THE COMPANY: Established in 1982, Union National Bank (UNB) has become a leading commercial bank in the country. To date, UNB has 55 branches across the UAE providing basic services, such as deposits, loans and credit cards, as well as more complicated ones including wealth management and investment banking. UNB is also one of the traditional commercial banks that have opened their own Islamic service windows, which provide services that include asset management and investment banking. In addition, UNB offers conventional and Islamic brokerage services through its subsidiary, UNB Brokerage Company. Meanwhile, another subsidiary, Al Wifaq Finance Company, offers sharia-compliant financial, commercial and investing services to both retail and institutional customers.

As part of the bank’s vision to expand its geographic presence, it has established UNB Egypt after successfully acquiring the erstwhile Alexandria Commercial & Maritime Bank. UNB has also ventured to Qatar, putting up a branch in Doha, and opened a representative office in Shanghai, as an initial step to exploring the burgeoning trade relations between the UAE and China. In 2011, UNB also received a licence to operate in Kuwait. The bank is reviewing other locations and strategic alliances that will add to shareholder value.

UNB’s major shareholders include the Abu Dhabi Investment Council (50.01%) and the Investment Corporation of Dubai (10.00%), while the rest of the shares belong to the public.

FINANCIAL PERFORMANCE: In the first half of 2012, UNB reported a 6.32% advance in its attributable profits to Dh926.78m ($252.25m), underscoring continuing improvement and the strength of both the bank’s franchise and business model. The improvement in profits came on the back of stronger interest income and improved interest margins. Net interest income from conventional and Islamic financing improved by 10% year-on-year. Effective liquidity management coupled with a reduction in the cost of deposits led to an improved net interest margin in the first half of over 3%. This, along with higher average interest-earning assets led to an increase in the net interest income and income from Islamic financing.

UNB continues to show some of the negative aftereffects of the amendment made in 2011 on the rule on retail banking as fees and commission income have both dropped. However, this was partially offset by gains on dealing in foreign currencies and trading and non-trading financial instruments, which together increased by 137% in the first half to Dh60.6m ($16.49m).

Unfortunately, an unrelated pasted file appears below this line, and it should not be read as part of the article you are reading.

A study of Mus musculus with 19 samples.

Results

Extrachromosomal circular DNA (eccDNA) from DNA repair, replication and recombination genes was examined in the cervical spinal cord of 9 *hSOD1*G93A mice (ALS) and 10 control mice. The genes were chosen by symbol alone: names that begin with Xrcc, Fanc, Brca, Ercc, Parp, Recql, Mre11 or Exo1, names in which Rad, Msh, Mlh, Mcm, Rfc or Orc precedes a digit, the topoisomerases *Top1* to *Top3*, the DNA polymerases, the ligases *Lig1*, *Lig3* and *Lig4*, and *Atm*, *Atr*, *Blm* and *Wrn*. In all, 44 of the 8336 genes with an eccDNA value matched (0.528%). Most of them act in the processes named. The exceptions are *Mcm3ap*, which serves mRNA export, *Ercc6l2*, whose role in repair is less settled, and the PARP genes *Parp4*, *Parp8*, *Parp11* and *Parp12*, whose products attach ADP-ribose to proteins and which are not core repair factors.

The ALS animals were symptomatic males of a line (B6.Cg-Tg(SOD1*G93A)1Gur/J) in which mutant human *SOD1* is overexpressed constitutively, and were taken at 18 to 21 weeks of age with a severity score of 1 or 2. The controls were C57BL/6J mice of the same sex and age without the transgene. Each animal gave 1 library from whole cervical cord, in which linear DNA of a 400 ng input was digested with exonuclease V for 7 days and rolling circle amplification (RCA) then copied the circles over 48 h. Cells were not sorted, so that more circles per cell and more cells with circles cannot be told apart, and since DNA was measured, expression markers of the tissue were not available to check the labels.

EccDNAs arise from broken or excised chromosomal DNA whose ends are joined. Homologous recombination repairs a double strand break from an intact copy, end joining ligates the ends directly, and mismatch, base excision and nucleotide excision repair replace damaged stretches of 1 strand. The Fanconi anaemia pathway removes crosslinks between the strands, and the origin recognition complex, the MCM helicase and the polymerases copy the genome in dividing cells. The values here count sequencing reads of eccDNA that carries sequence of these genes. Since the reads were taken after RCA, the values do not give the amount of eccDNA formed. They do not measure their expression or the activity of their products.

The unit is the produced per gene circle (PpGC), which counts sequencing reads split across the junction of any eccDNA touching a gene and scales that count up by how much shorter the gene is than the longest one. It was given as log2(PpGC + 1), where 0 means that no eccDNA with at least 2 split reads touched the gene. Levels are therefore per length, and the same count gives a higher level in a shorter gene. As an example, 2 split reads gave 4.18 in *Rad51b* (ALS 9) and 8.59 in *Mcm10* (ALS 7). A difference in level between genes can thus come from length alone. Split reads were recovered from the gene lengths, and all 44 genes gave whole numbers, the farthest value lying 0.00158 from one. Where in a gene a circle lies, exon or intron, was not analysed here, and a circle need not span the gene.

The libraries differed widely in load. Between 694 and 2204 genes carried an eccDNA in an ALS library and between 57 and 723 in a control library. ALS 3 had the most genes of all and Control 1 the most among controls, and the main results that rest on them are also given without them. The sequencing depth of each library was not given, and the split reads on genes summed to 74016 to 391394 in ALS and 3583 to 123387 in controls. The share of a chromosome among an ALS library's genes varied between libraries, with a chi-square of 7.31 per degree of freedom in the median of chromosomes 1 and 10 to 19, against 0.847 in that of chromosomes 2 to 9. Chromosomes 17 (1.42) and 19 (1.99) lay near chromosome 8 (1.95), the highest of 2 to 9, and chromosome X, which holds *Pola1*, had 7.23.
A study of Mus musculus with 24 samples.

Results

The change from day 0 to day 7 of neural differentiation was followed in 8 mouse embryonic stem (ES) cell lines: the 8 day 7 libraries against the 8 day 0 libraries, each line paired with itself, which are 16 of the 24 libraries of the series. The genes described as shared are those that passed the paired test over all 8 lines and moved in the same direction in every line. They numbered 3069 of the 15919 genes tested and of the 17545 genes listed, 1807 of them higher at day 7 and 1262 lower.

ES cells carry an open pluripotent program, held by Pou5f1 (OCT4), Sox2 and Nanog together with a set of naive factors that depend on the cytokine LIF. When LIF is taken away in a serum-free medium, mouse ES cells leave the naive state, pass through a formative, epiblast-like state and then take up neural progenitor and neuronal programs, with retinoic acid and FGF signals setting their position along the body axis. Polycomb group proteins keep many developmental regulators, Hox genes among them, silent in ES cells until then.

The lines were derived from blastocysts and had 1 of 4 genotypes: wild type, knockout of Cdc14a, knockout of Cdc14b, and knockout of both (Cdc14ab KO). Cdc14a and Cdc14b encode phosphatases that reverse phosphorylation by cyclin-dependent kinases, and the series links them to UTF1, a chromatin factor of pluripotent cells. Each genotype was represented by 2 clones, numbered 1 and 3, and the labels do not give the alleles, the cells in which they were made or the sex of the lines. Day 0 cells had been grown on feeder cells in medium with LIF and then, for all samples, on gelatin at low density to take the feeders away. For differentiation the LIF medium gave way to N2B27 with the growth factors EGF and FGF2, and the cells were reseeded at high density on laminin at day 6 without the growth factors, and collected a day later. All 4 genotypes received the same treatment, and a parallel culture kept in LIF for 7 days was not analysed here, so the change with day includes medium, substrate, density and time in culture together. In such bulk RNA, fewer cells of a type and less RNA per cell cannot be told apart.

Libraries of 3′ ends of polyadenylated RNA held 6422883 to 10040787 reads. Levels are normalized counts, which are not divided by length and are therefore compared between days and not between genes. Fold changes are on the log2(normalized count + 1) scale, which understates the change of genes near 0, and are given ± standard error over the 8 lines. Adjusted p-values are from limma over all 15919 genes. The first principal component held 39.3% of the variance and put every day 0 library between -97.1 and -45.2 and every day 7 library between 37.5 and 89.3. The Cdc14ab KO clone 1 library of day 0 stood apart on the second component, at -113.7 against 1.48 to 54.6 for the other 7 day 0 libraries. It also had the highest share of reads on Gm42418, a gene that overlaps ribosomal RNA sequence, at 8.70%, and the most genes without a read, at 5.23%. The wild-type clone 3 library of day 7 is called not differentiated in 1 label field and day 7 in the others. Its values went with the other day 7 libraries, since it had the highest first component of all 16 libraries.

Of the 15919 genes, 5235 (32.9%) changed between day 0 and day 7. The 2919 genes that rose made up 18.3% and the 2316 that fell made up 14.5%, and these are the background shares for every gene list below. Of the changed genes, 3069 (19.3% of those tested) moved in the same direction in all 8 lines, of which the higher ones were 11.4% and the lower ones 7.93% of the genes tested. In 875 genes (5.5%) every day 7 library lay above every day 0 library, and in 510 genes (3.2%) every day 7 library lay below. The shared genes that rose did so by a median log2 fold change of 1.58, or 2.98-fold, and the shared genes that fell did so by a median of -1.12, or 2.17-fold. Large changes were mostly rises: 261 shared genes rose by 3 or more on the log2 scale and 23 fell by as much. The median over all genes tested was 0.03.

Credit volume increased by 1.9% quarter-on-quarter to Dh57.3bn ($15.6bn), as of June 30, 2012. Meanwhile, deposits rose at a faster rate of 2.6% to Dh60bn ($16.33bn). The loans-to-deposits ratio stood at 95.5%, as of June 30, 2012, mostly unchanged compared to end-2011. UNB’s non-performing loans (NPL) ratio, as of June 30, 2012, reached 4.9% versus 3.7% as recorded in end-2011. Loan loss coverage, meanwhile, stood firm at 62.1%. The higher NPL ratio’s negative read-across is somewhat diluted by the bank’s capital adequacy. The capital position of UNB was augmented as well by the Basel II capital adequacy ratio, after the distribution of the cash dividend for the year 2011 and the payment of interest on the Tier 1 capital notes, improving to 23.1% as of June 30, 2012 from 21.9% in end-2011, an increase of 120 basis points. In April 2012, global ratings agency Fitch affirmed its A+ rating of UNB, with outlook kept at stable, on account of UNB’s steady profitability, liquidity and capital adequacy.

SHARE PRICE PERFORMANCE: UNB’s share price is up more than 7% year-to-date, hitting a high of Dh3.30 ($0.90) per share in August 2012. The rise was reflected sector-wise, as overall bank earnings performed robustly in the second quarter and the first six months of 2012. Medium-term support level for UNB is seen at Dh3.00 ($0.82) per share, followed by Dh2.76 ($0.75). Resistance is seen at Dh3.30 ($0.90) per share, followed by Dh3.50 ($0.95). Note that these sentimental barriers were spotted as of September 30, 2012 and based on a closing price of Dh3.06 ($0.83) per share.